Expectations from the Muslim Woman
The point of his lecture is not to show that women's rights do not exist in Islam, but to show that what Shariati saw as anti-Islamic traditions have had tragic results for Muslim women. He uses Fatima Zahra, the daughter of Muhammad, as an example of a woman who played a significant role in political life.
He begins his lecture by stating that:
Most often, we are satisfied by pointing out that Islam gives great value to science or establishes progressive rights for women. Unfortunately we never actually use or benefit from this value or these rights.
He continues by stating that:
From the 18th through to the 20th century (particularly after World War 2) any attempt to address the special problem of the social rights of women and their specific characteristics has been seen as a mere by-product of a spiritual or psychic shock or the result of a revolutionary crisis in centers of learning or as a response to political currents and international movements. Thus, traditional societies, historical societies, religious societies, either in the East or in the West (be they tribal, Bedouin, civilized Muslim or non-Muslim societies, in whatever social or cultural stage of civilization they may be) have all been directly or indirectly influenced by these thoughts, intellectual currents and even new social realities.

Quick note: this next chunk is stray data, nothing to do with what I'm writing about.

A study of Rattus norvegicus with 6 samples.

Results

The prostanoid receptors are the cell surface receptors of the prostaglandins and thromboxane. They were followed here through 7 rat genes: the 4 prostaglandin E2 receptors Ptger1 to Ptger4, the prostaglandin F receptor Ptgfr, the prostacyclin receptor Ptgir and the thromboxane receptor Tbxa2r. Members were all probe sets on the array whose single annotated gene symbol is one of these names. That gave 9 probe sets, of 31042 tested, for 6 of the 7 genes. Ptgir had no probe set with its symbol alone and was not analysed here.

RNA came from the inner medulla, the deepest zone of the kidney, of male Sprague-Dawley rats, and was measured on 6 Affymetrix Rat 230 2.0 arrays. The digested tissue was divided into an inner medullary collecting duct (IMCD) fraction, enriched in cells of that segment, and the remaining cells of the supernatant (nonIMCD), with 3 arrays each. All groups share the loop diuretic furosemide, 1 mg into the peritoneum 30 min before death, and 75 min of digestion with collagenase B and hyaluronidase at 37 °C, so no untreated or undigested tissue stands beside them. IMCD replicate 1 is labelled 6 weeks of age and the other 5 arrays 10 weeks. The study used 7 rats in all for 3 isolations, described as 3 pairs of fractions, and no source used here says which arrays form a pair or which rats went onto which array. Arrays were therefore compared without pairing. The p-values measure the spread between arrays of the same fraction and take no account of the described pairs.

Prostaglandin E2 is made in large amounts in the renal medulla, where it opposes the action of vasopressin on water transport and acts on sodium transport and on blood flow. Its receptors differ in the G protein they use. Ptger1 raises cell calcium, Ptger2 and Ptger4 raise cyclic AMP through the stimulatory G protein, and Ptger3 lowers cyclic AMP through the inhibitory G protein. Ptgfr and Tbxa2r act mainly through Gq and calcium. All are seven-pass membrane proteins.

He argues that the liberation of women has begun in the West, and many fear it occurring in the Muslim world, in part because they are misinformed, and have not looked at Islam through an historical perspective, and are relying on their own misinterpretation of Islam:
In such societies the newly-educated class, the pseudo-intellectuals, who are in the majority, strongly and vigorously welcome this crisis. They themselves even act as one of the forces that strengthen this corrupting and destructive transformation.
Shariati believed that women in Iran under the Shah were only sexually liberated and did not have any social freedom. He attributed this in part to the "rather bourgeois cognition," and in part to the Freudian ideal of sexual liberation. To Shariati, Freud was one of the agents of the bourgeois:
Up to the appearance of Freud (who was one of the agents of the bourgeoisie), it was through the liberal bourgeois spirit that scientific sexualism was manifested. It must be taken into consideration that the bourgeoisie is always an inferior class.
He concludes that a scholar or scientist who lives, thinks, and studies during the bourgeois age, measures collective, cultural, and spiritual values based on the economy, production and consumption.